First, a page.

A councillor has questioned the council about the pothole crisis on local roads.

Cllr Sally Yalden addressed Test Valley Borough Council at a full council meeting, held in Romsey on Wednesday, April 17.

Despite roads being the responsibility of Hampshire County Council, Cllr Yalden asked what was being done to ensure the reporting and repairing of the roads in Test Valley, asking what the borough council is doing and can do, to ensure it receives a fair 'chunk' of funds to aid in repairs and resurfacing works.


"As scientists warn that climate change will worsen the problem with more consistent and heavier bouts of rainfall, as well as a backlog of billions of pounds of repairs and rising costs, what are the plans to ensure that money is spent effectively and efficiently on our roads?"

Cllr Phil North, council leader,  replied, saying: "I think it is encumbered on all of us to report problems with potholes and road maintenance. I also make sure these potholes are reported into the county council system and lobby the relevant portfolio member to ensure that we are getting a relevant size of funding to address those issues in Test Valley."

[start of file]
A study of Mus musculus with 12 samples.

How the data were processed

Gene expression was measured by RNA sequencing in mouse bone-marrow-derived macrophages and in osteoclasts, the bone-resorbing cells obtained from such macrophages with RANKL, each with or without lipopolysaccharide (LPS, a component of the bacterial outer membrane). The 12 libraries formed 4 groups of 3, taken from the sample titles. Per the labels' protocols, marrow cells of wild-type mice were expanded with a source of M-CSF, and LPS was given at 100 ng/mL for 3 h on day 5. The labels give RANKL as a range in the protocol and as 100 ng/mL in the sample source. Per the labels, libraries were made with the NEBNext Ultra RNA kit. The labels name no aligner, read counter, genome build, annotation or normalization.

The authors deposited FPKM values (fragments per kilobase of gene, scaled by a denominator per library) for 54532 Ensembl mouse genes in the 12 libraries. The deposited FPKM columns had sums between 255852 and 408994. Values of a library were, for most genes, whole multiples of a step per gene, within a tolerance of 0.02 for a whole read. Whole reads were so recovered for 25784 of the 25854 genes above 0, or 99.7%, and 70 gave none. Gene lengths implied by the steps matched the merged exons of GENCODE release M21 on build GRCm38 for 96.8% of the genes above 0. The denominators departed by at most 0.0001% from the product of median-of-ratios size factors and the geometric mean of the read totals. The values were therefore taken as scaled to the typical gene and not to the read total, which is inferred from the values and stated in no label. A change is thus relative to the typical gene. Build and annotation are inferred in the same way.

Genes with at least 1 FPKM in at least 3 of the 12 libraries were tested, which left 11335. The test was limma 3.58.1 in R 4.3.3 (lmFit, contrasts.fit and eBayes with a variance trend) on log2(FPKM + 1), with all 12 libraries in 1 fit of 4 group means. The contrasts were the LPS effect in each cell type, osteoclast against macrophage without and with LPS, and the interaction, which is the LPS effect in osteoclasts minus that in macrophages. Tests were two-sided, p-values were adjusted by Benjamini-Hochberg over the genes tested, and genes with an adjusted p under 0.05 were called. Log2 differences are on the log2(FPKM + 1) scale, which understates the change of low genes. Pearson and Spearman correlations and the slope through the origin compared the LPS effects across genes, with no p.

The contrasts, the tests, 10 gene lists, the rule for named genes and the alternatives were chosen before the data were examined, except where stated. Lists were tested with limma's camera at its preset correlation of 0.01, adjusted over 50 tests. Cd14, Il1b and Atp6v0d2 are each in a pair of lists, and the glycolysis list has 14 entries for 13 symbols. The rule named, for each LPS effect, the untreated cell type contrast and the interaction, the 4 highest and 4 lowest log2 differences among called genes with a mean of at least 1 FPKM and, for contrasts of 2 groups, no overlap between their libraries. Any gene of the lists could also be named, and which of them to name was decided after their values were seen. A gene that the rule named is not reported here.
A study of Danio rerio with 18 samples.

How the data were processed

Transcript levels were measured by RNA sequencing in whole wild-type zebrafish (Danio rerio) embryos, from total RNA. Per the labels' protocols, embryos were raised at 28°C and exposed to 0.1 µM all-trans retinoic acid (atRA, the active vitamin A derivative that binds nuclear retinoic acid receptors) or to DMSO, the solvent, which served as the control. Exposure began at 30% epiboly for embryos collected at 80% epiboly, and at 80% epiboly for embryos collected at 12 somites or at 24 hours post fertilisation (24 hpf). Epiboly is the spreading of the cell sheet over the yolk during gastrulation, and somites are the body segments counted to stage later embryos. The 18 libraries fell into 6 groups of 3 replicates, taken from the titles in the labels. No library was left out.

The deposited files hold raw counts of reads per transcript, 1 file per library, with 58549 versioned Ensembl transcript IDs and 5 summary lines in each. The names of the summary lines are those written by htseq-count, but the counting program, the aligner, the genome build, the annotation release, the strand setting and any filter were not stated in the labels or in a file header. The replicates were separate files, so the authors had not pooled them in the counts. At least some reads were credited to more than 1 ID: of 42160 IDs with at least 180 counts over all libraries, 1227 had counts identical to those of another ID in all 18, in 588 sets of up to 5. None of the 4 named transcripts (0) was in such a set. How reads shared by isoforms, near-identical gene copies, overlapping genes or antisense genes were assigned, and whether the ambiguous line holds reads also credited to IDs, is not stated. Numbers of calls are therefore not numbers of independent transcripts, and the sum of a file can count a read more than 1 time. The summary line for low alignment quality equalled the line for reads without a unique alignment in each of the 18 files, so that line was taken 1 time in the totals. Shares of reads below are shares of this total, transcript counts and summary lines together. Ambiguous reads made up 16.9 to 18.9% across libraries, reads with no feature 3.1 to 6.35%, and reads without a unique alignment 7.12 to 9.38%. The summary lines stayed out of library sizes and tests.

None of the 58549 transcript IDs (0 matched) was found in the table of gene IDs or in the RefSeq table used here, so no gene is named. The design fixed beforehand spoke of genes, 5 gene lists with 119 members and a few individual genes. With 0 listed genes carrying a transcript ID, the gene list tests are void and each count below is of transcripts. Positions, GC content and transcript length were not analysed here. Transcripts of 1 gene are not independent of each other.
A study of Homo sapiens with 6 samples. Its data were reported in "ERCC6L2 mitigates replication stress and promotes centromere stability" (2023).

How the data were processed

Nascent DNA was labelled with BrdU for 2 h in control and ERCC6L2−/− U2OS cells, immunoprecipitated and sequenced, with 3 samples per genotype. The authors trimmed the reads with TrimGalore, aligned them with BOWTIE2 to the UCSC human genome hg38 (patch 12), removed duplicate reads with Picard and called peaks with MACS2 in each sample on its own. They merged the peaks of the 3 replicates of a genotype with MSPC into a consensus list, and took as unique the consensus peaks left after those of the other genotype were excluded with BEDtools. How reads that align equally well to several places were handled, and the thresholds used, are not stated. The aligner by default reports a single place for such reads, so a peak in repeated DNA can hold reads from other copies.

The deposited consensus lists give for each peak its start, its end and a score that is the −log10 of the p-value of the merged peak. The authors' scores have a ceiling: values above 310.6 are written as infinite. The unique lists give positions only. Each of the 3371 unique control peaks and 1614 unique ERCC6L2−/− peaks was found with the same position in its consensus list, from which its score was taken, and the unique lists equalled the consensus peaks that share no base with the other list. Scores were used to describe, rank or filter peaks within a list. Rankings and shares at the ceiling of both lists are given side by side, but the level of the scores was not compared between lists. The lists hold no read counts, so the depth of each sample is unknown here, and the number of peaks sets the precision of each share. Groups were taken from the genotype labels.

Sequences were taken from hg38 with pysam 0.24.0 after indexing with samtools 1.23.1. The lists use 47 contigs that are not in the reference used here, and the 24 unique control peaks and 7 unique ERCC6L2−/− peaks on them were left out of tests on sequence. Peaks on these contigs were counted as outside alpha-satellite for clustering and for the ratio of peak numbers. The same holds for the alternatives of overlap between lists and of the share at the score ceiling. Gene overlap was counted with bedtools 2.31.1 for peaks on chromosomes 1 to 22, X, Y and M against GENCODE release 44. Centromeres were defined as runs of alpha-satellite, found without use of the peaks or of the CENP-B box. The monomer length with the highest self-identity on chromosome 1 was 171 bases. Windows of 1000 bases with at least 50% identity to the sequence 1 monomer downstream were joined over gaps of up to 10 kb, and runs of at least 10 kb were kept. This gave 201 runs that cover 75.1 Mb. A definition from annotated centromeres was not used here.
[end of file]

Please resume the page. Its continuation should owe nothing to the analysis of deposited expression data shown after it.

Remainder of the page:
"Part of the £4.8 million we received last year is being spent in Test Valley. The county council has also, in addition, added £15 million from our reserves for highway maintenance and we believe next year we will receive a further £13.8 million from the government to help with the programme.

"It is not enough - if we were to bring all of our roads to the standard we want them to be, we would have to spend around £500 million to do so, but it does help us enormously in ensuring some of the most pressing issues are dealt with in a more timely manner."